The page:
It's not available yet, but someday parents may be able to use a smartphone app to spy on – uh, make that monitor – their teens who like to wheel around in the family car.
Crossroads, the research blog at the University of Minnesota Center for Transportation Studies says the app, called Teen Driver Support System, provides a new link between young drivers and parents.
What does it do?
The smartphone, with the app downloaded, is clipped to the dashboard much like a GPS.
It sends parents a text alert as a result of a variety of risky driving moves ranging from speeding, failing to buckle up, or making sudden or rolling stops.
"The goal is, if you can reduce these risky behaviors, you can hopefully reduce crashes," researcher Janet Creaser told KSTP.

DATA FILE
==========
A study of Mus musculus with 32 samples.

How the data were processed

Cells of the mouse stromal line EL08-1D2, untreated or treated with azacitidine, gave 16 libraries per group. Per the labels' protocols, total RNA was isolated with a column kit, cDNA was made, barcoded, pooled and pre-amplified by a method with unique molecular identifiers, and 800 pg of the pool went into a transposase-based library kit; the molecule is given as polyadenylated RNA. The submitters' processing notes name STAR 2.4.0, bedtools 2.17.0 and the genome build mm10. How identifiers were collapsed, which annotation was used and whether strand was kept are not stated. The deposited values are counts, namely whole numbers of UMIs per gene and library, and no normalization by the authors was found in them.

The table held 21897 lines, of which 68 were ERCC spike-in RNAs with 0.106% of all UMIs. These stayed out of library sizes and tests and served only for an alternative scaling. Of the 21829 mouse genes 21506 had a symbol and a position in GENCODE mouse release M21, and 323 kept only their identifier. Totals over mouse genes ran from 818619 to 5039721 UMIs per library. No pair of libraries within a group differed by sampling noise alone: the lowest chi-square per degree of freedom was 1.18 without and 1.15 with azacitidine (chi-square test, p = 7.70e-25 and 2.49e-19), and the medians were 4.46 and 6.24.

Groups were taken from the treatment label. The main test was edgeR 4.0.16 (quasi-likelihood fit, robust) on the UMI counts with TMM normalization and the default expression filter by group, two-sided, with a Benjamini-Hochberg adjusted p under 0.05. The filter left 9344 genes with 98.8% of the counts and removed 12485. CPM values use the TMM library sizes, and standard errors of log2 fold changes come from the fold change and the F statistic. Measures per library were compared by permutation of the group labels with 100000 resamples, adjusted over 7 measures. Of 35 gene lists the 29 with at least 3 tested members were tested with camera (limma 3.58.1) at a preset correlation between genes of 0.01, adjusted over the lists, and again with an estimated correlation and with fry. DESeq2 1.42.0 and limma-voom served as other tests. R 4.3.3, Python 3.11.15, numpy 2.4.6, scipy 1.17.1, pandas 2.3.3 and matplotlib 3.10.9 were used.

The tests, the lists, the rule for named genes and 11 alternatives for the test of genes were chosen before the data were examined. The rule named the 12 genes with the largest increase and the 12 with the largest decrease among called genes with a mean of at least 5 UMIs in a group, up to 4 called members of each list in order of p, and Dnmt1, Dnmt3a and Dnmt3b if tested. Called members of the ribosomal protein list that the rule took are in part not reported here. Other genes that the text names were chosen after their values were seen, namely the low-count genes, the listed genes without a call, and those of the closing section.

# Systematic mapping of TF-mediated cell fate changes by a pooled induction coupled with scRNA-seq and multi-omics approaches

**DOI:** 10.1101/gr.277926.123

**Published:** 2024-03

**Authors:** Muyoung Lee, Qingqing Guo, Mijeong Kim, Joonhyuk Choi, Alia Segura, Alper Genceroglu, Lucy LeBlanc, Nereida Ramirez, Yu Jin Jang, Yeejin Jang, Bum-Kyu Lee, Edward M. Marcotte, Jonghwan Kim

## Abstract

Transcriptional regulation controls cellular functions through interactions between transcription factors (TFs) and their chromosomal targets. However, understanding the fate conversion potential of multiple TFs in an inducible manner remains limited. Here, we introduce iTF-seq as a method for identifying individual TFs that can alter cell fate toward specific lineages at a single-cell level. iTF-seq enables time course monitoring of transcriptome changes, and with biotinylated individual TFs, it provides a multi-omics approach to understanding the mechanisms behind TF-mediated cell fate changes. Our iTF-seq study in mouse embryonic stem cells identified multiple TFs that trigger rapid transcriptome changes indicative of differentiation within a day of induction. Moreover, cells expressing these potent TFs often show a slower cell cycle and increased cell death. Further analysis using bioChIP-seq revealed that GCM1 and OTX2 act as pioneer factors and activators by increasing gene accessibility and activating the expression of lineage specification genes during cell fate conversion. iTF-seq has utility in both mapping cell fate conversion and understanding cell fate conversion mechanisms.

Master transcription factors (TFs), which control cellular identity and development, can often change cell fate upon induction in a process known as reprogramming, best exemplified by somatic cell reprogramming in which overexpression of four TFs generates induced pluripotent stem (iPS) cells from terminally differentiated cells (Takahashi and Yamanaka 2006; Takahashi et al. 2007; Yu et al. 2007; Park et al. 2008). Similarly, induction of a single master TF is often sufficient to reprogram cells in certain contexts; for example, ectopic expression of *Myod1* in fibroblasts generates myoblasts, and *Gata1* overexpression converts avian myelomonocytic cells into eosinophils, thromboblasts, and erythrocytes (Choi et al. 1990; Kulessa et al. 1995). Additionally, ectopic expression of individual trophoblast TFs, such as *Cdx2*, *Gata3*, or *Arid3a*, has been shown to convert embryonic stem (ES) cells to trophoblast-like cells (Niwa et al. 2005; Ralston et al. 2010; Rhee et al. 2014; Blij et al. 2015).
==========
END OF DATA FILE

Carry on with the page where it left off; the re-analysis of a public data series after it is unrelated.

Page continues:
The Star Tribune accompanied Creaser, a research fellow at the University of Minnesota’s HumanFIRST Laboratory, on a test ride to demonstrate the app. As Creaser lead-footed the gas pedal, the device issued a stern warning.
“REDUCE SPEED NOW! ... PARENTS HAVE BEEN NOTIFIED,” a robotic voice blurts out.
Another plus for the app: once the car is moving, the phone can only make emergency calls – no texting, logging on to social media apps or taking incoming calls.
The Minnesota researchers spent a decade developing the project. They recently completed a study with 300 newly licensed teens. It found that teens who got feedback from the app were less likely to engage in risky driving behavior.
More than 90 percent of parents said they'd recommend it to other parents, the newspaper added.
The app isn't available yet. Creaser says the university is working to license it with an outside vendor.